Lawyers and legal professionals need to think like tech entrepreneurs and use the skill to find new solutions to problems they encounter in their practice.
To help them get started on this, the Future law Innovation Programme (Flip) and the Singapore Management University Academy will launch two modules on design thinking and entrepreneurial ideation this month. In entrepreneurial ideation, lawyers learn to look for business opportunities and creatively generate new ideas.
These four-week courses will provide the foundation for lawyers here to kick-start their own innovation, said Mr Paul Neo, executive director of Singapore Academy of Law Ventures, which runs Flip.
"Not all lawyers are business management trained, and we have to teach them the basis of business strategy in order for them to think of innovation," said Mr Neo, who spoke to the media on Thursday during Flip's first anniversary.
The modules, which are open to working legal professionals with classes thrice a week, are just one out of a string of initiatives that Flip will launch this year in a bid to bring about more innovation and change to the legal sector.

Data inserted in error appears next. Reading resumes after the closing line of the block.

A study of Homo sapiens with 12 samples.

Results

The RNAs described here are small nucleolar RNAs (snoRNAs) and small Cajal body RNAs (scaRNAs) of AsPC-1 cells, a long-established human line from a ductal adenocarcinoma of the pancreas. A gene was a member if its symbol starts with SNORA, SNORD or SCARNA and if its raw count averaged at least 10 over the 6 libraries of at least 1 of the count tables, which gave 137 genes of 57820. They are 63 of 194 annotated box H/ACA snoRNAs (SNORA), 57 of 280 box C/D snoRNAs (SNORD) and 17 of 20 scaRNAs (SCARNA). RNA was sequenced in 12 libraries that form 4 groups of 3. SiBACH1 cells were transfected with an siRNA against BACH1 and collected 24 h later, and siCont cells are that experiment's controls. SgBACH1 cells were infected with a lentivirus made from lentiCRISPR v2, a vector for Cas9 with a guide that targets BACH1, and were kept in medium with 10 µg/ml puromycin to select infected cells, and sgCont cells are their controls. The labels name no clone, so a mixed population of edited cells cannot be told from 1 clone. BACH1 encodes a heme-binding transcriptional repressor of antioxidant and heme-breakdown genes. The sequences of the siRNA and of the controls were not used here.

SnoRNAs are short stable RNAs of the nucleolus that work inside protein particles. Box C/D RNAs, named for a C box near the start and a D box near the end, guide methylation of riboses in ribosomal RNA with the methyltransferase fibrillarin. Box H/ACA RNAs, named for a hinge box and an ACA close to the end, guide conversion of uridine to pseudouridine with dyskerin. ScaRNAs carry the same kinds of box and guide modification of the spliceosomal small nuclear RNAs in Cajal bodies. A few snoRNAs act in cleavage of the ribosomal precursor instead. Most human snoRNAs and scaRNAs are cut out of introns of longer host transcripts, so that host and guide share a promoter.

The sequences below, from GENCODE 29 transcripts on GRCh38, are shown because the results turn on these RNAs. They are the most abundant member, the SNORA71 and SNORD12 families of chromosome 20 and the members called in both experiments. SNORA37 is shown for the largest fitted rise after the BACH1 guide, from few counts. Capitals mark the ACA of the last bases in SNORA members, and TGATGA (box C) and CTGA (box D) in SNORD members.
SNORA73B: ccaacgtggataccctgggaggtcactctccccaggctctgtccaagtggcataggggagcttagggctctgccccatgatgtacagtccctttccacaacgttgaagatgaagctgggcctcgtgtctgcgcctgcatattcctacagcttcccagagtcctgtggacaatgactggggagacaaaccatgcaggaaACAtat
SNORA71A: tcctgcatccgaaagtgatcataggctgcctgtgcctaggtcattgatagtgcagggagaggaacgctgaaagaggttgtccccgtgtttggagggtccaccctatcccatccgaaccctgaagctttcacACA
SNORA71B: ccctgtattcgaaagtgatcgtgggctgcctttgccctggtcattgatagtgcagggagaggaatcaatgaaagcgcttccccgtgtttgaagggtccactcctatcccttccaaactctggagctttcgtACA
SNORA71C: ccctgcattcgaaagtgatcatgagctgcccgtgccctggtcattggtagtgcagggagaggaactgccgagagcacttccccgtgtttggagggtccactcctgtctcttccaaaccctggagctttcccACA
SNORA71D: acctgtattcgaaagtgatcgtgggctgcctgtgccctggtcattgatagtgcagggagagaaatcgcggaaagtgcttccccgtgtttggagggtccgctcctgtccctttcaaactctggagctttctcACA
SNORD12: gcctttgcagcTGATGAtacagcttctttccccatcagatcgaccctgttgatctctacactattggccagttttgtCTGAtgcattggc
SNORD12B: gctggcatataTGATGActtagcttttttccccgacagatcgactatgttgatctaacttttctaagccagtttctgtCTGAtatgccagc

Flip is a two-year pilot programme launched in January last year by Chief Justice Sundaresh Menon to prepare the legal sector for technology disruption.
The programme brings together lawyers, technopreneurs, investors, academics, and regulators, to help develop the model for the delivery of legal services in the future economy.
Apart from the new modules, Flip will also launch its own start-up accelerator to groom and mentor promising start-ups in the legal technology sector. Unlike generic accelerator programmes, the Flip bespoke accelerator programme would suit the specific needs of the legal tech start-ups, said Mr Neo.
"Some have taken part in generic accelerators, but the investors don't understand the solutions they're trying to sell or market, because it's quite specific," said Mr Neo. "And coming from the legal sector, we believe law tech is quite a unique area."
Mr Jerrold Soh, a Singapore Management University lecturer and legal tech start-up founder said the accelerator is a particularly promising new initiative. He is involved in another new Flip initiative to produce an annual report on legal innovation in the region.
The former law and economics student noted that the Flip accelerator could help legal tech entrepreneurs get business leads easier, and network with like-minded people working on similar issues and problems.
"Hopefully this could help to shorten the trial and error experimentation stage that accompanies every start up in its early days," said Mr Soh.